Configuration management 101
Configuration management, without a doubt this is probably one of those things we all do, but to what end do we perform configuration management though? Usually configuration begins and sometimes ends with backing up and storing those configuration files but how much further can or should we go with configuration?
- Backing and storing configuration files – As mentioned before, this is step one. Keeping a copy of your device configuration is one the easiest and quickest ways to restore a device back into service after a physical failure.
That one task, as simple as it sounds it the heart of good configuration management. From that original point we gain the ability to perform many other tasks:
- Configuration comparison – Having the ability to compare two of your previously saved configuration can prove to be an invaluable resource. Let’s say you have dozens or hundreds of remote “cookie-cutter” devices out there and you have a single device acting up, comparing the configuration to a known good configuration can save you much troubleshooting time. Especially when you consider many configuration managers are convenient enough to highlight discrepancies making possible errors stand out like a sore thumb.
- Configuration / Version archival – This point follows suit with comparing configurations, because in most cases you may want to compare configurations from the same device that are from different points in time. Making it easy, to pin-point any recent configurations that could be causing the issue at hand.
- Reacting to configuration changes – Changes are a way a life, if nothing is changing then something is wrong, the tougher part is dealing with a way to manage those changes:
- How do you know when a change occurs? – Many configuration managers will re-act to a device generated syslog or SNMP trap, do you have this configured, are you made aware of changes?
- What do you do when a change occurs? – When this mysterious change occurs how do you re-act, do you acknowledge some type of alert or review some daily/weekly report, perhaps there are some checks and balances to ensure the altered configuration has been backed up after the change or to verify that the change was committed to memory?
- Can you correlate network events with changes? – Do you have any capability of correlating network faults with configuration changes? There are definitely a few of those ‘eye in the sky’ type NMS platforms that are capable of linking device level events to any correlating configuration events on that device. Now, if only we can get a more abstract ability to monitor device groups holistically linking events. In my opinion event correlation exist to some degree with many NMS products, but there is definitely a lot of room for improvement.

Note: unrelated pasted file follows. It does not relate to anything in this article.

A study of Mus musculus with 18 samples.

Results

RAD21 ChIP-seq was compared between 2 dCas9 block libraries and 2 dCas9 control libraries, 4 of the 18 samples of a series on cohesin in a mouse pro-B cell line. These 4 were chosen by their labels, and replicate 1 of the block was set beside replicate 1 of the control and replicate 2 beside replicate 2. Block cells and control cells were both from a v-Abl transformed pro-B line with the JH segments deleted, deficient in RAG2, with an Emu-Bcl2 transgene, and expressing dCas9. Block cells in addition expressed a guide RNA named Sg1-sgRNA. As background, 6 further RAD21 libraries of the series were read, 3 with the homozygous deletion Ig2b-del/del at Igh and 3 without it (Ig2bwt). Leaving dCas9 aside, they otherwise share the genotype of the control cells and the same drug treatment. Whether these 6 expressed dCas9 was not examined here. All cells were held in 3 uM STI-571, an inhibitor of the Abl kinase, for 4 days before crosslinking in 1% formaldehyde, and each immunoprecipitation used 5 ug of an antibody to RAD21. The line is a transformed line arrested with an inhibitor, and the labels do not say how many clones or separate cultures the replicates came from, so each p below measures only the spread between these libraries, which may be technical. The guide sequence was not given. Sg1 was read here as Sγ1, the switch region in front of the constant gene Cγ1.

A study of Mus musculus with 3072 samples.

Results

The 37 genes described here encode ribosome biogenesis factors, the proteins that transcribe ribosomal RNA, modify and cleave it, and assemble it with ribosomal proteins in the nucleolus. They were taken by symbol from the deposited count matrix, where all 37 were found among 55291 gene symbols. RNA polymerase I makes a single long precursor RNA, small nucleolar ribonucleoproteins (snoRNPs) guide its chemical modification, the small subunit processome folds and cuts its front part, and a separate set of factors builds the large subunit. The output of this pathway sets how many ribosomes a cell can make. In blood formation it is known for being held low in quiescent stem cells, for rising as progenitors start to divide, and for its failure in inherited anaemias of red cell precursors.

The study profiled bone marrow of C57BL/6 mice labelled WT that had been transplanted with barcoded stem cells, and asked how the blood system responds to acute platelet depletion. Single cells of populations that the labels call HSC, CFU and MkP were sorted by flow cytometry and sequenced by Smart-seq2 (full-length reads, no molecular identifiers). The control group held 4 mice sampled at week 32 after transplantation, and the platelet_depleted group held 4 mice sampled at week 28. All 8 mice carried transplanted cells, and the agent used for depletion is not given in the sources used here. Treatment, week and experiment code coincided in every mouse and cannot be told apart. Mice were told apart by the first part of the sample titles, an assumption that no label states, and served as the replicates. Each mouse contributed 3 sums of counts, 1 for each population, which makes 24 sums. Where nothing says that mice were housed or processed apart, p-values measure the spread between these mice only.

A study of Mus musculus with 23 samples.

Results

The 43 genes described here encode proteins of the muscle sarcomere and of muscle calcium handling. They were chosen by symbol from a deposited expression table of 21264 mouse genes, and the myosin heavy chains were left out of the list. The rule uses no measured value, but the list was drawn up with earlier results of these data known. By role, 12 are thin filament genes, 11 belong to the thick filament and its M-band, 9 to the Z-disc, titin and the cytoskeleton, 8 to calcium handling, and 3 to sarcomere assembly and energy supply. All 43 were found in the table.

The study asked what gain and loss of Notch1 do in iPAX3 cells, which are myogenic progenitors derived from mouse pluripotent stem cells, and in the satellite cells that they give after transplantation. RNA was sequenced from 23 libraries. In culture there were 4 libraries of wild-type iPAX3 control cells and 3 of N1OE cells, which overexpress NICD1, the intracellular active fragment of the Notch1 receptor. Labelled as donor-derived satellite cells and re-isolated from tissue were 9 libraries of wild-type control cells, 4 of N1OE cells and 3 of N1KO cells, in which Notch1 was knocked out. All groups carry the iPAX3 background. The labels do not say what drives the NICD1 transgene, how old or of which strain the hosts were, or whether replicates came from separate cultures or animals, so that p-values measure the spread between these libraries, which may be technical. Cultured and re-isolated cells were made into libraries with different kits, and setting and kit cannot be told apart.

- Do you enforce a baseline or set configuration standard? – This one in my mind, is where many tools have lack-luster performance, when you find yourself in a situation with many nodes, you definitely want some ‘checks and balances’ out there. How upsetting is it when you find out that the issue you have been troubleshooting is all because a recent firewall change or routing policy change never got deployed to a particular device? If you can enforce some type of configuration ‘compliance’ or ‘baseline’ I guarantee you, that you solve many headaches before they occur.
- Software Management – While, this might seem outside of the scope of configuration management keeping your software versions in sync can be quite important and detrimental for keeping configurations in Sync
- Software versions – Different software versions may implement different command syntax, this in itself can make configuration & troubleshooting tedious in itself. Different versions may also suffer from different software bugs/caveats into your environment.
- Software licenses – Depending on the vendor and the device, if the incorrect license is applied or the incorrect software train is installed on the device some features may not even be configurable. Nothing is more upsetting then when you are trying to configure a device and you find out a simple license (non-technical) issue is the root cause.
So, there we have some groundwork for configuration management do you have other considerations in regards to configuration management?